While viruses and worms are often used synonymously, they differ in scope. Both are nefarious programs designed to corrupt computers to wreak havoc and steal data. The key difference between viruses and worms is that a virus requires user interaction to spread, while a worm can automatically propagate itself.
What is a computer worm?
A computer worm is a type of malware that can spread itself and cause damage. Unlike a virus, a worm does not need to attach itself to another program to propagate. A worm can automatically copy itself and infect other computers on the same network without user interaction. Typically, it spreads from computer to computer rather than through files.
They are a type of malware that silently takes control of an operating system by running in the background. It's tough to detect a worm; the telltale signs include the slowing down systems and the device's resources running low.
Worm infections are nasty because they can spread with no user involvement. A computer worm can propagate over a network once it becomes active on an infected system. Computer worms transmit through malicious storage devices, such as CDs and USB drives.
Some worms are distinguished as @m or @mm, indicating that their principal means of spread is electronic "mail" or "mass mail." W32/Klez.e@MM is a prime example of a mass-mailing worm.
What is a computer virus?
A computer virus is a harmful program created to replicate and propagate from one device to another. To copy without the system owner's knowledge, it clandestinely attaches itself to the system, overwrites files, or replaces another software.
On an infected device, a virus triggers several issues. It corrupts hard drives, erases files, and steals confidential information, among other things. A virus can access your computer through an email attachment, a downloaded file, or a CD or zip drive that contains a concealed virus. The presence of a virus on a website, in an email, or elsewhere is frequently invisible.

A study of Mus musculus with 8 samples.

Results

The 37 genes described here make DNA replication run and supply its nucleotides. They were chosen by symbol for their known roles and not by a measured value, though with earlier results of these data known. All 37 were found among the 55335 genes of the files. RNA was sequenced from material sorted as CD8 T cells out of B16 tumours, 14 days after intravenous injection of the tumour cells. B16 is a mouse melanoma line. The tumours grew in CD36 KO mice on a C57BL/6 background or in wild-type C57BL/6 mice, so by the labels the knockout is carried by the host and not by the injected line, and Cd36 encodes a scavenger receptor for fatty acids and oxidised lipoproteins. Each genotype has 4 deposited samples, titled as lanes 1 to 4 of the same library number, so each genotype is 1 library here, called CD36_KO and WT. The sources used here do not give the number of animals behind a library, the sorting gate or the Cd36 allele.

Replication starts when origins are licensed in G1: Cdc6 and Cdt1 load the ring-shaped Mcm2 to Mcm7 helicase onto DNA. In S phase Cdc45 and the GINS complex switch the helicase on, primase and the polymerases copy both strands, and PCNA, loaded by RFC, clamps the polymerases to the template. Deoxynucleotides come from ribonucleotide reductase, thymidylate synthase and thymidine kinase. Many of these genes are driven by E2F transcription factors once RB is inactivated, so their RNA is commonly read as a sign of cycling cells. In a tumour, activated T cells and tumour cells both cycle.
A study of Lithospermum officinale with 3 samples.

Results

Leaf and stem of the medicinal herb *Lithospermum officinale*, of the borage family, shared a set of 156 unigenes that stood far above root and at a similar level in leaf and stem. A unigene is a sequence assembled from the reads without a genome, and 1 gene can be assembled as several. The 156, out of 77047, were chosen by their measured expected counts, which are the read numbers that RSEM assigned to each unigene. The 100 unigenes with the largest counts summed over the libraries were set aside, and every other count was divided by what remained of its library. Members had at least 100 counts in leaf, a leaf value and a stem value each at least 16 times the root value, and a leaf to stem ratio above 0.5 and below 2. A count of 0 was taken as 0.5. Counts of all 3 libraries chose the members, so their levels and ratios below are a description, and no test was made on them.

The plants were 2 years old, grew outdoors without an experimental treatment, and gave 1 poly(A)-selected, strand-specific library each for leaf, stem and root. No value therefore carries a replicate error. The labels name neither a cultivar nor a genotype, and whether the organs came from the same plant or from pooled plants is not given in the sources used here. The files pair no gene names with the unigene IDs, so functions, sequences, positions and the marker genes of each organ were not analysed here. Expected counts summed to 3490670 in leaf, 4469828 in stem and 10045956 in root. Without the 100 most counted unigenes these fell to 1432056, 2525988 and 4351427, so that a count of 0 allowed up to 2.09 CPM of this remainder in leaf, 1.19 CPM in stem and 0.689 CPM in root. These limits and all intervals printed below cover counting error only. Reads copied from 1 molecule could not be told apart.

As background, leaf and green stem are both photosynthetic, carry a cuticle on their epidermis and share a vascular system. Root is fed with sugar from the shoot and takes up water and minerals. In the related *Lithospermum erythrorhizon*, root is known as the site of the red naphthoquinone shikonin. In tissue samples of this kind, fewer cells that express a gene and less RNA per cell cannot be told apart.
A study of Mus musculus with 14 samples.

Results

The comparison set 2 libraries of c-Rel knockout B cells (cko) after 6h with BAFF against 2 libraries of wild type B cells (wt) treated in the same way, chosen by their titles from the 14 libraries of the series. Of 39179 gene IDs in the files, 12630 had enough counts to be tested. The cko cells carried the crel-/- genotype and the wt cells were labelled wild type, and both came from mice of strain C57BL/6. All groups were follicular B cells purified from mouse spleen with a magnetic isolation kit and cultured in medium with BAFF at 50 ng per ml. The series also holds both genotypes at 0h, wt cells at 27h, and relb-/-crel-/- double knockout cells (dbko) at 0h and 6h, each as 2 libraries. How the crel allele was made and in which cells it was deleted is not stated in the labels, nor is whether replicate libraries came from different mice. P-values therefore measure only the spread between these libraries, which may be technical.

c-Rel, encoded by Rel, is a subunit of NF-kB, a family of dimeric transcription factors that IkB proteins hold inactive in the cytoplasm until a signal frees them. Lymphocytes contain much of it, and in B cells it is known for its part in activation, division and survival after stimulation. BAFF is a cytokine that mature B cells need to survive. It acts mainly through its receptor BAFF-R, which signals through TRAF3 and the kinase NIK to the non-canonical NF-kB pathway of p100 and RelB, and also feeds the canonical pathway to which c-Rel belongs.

Virus vs worm: which is more dangerous?
Worms are typically regarded as more harmful. Worms are more cunning since they can remain hidden and evade detection. Modern worms are significantly more common than new virus (or file-infector) types.
Worms and viruses both have a significant potential to compromise security and privacy. Files, programs, or devices might suffer damage from tiny malware infections. However, more harmful infections can potentially steal your sensitive personal information, resulting in financial and identity theft.
See more about the types of malware
Protecting against both worms and viruses
Worms and viruses have the potential to cause severe damage. Installing a firewall system and antivirus software alone is insufficient. Organizations must take appropriate precautions to safeguard one's environment against viruses and worms. The following are some recommended best practices:
Exercise caution while opening emails from sources or persons you don't know. Unless you are confident of their authenticity, avoid clicking on any links or attachments included in the email. Many promotional offers and banners appear to be too good to be true. In most cases, they are bogus.
You can identify any potentially suspicious conduct by analyzing and watching the behaviour of system activities and system files. Abnormal behaviours like slowing systems and a spike in ads on the screen, among others, are telltale signs of infection. A complete system scan with an antivirus program can be helpful in such situations.
Use an ad blocker
The malware opens the floodgates for a spike in ads. If perchance you click on them, you run the risk of losing your account privileges. A reliable ad-blocking software or browser extension can help keep malware-driven ads at bay.
Adopting a robust anti-malware solution and, in the case of a network, having an effective firewall is essential to block computer worms, viruses, and other malware. Both home users and businesses should take the necessary steps to protect their devices and data from potential attacks.